Roget's 21st Century Thesaurus, Third Edition Copyright © 2013 by the Philip Lief Group.


He ain't been run over—he's gone broke-lost all our money; every last cent.

Must a man be a beggar because he is run over, or because he is half blind?

I sent word for you to run over with her, father, an' have some supper.

When you bile potaters, don't you let 'em run over onto the stove.

If you have a mind to rat, rat sans phrase, and run over to the Jewish side.

For more than a week the trains from the east and the north could not run over this route.

I'll get in my motor-boat and take a run over to Waterfield to see Mr. Damon.

Hold, Maria—what a catalogue of uncomfortable comforts have you run over.

Try your hand at some of them and I'll run over the work and sign.

By the way, Knowles, why don't you run over and meet Lady Carey?


the modern verb is a merger of two related Old English words, in both of which the first letters sometimes switched places. The first is intransitive rinnan, irnan "to run, flow, run together" (past tense ran, past participle runnen), cognate with (cf. Middle Dutch runnen, Old Saxon, Old High German, Gothic rinnan, German rinnen "to flow, run").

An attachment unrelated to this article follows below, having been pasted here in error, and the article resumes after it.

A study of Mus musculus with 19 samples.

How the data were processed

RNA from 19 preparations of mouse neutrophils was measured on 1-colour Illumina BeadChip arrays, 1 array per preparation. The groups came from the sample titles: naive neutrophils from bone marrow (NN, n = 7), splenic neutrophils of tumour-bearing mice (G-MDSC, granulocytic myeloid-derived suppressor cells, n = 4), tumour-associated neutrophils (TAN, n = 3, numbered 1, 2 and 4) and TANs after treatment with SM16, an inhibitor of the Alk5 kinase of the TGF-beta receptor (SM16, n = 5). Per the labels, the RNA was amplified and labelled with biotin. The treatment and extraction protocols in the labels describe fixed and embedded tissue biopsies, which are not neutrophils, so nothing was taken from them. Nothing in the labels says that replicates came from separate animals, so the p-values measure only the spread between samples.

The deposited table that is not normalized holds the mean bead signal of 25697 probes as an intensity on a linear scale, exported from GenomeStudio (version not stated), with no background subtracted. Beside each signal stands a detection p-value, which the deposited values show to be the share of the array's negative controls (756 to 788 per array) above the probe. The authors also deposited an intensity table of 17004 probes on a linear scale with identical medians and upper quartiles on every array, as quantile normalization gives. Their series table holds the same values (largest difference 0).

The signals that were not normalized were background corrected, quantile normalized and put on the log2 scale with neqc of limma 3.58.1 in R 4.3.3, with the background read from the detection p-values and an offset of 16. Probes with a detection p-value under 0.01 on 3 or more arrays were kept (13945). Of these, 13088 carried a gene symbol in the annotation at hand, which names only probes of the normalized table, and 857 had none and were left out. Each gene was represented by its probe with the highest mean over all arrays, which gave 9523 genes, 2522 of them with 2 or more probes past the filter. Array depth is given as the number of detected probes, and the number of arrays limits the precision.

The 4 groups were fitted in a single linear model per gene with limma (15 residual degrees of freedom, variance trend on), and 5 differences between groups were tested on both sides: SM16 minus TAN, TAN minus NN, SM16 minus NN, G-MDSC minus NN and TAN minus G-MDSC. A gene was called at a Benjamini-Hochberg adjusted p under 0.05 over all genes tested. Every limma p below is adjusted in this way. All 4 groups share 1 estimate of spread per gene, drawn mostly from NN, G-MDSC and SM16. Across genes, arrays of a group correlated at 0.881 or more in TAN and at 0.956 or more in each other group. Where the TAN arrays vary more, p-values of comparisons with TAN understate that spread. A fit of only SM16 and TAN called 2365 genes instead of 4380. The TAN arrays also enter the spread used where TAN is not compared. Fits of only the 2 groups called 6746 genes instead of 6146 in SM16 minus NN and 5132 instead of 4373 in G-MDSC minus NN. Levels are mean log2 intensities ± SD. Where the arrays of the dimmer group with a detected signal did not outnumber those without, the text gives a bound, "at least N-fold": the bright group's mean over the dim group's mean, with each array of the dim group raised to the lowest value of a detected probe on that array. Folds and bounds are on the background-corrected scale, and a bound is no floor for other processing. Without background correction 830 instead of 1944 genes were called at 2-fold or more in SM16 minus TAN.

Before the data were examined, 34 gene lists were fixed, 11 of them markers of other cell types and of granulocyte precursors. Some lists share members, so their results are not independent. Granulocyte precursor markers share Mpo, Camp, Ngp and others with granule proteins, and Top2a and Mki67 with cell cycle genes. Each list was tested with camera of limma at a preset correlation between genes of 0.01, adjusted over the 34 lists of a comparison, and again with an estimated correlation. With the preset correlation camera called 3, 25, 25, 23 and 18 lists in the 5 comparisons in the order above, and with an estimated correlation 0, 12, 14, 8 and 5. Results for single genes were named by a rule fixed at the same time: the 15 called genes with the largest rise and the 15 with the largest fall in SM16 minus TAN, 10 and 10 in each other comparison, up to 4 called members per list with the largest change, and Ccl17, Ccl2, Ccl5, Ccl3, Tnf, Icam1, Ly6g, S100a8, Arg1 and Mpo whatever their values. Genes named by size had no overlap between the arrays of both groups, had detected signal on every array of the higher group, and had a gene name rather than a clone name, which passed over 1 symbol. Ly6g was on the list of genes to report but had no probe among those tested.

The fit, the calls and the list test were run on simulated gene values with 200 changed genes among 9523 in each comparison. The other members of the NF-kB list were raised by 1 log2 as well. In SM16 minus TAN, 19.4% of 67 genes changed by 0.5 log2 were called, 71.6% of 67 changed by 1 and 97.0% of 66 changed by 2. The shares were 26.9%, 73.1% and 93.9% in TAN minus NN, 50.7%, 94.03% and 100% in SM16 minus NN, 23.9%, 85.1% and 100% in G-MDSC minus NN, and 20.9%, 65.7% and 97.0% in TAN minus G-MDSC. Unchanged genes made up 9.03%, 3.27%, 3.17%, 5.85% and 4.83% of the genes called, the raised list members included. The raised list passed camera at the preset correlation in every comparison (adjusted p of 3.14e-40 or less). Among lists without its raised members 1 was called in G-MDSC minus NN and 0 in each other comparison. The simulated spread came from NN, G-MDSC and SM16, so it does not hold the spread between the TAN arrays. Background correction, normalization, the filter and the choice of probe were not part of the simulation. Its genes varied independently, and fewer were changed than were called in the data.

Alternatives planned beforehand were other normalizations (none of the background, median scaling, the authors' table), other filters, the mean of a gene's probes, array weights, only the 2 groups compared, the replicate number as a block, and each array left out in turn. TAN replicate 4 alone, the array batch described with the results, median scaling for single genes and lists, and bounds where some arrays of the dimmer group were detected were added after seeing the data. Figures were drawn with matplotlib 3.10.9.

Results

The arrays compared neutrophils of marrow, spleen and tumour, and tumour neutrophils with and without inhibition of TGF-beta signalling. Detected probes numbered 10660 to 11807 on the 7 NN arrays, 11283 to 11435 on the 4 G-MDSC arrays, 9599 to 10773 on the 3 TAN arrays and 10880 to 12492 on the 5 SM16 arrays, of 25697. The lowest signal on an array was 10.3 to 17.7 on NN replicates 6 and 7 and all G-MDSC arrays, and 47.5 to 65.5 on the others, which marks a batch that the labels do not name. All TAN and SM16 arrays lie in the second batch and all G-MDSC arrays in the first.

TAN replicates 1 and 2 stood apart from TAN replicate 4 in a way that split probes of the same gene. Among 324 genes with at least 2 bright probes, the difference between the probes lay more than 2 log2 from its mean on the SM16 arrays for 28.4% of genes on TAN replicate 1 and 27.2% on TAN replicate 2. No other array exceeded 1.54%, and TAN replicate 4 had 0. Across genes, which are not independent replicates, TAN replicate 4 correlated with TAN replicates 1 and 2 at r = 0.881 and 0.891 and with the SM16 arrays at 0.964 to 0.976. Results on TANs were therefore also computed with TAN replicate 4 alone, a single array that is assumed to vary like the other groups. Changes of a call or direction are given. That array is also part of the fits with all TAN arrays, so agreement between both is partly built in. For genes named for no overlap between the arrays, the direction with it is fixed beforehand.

The second is Old English transitive weak verb ærnan, earnan "ride, run to, reach, gain by running" (probably a metathesis of *rennan), from Proto-Germanic *rannjanan, causative of the root *ren- "to run." This is cognate with Old Saxon renian, Old High German rennen, German rennen, Gothic rannjan.

Both are from PIE *ri-ne-a-, nasalized form of root *reie- "to flow, run" (see Rhine).

Of streams, etc., from c.1200; of machinery, from 1560s. Meaning "be in charge of" is first attested 1861, originally American English. Meaning "seek office in an election" is from 1826, American English. Phrase run for it "take flight" is attested from 1640s. Many figurative uses are from horseracing or hunting (e.g. to run (something) into the ground, 1836, American English).

To run across "meet" is attested from 1855, American English. To run short "exhaust one's supply" is from 1752; to run out of in the same sense is from 1713. To run around with "consort with" is from 1887. Run away "flee in the face of danger" is from late 14c. To run late is from 1954.


Roget's 21st Century Thesaurus, Third Edition Copyright © 2013 by the Philip Lief Group.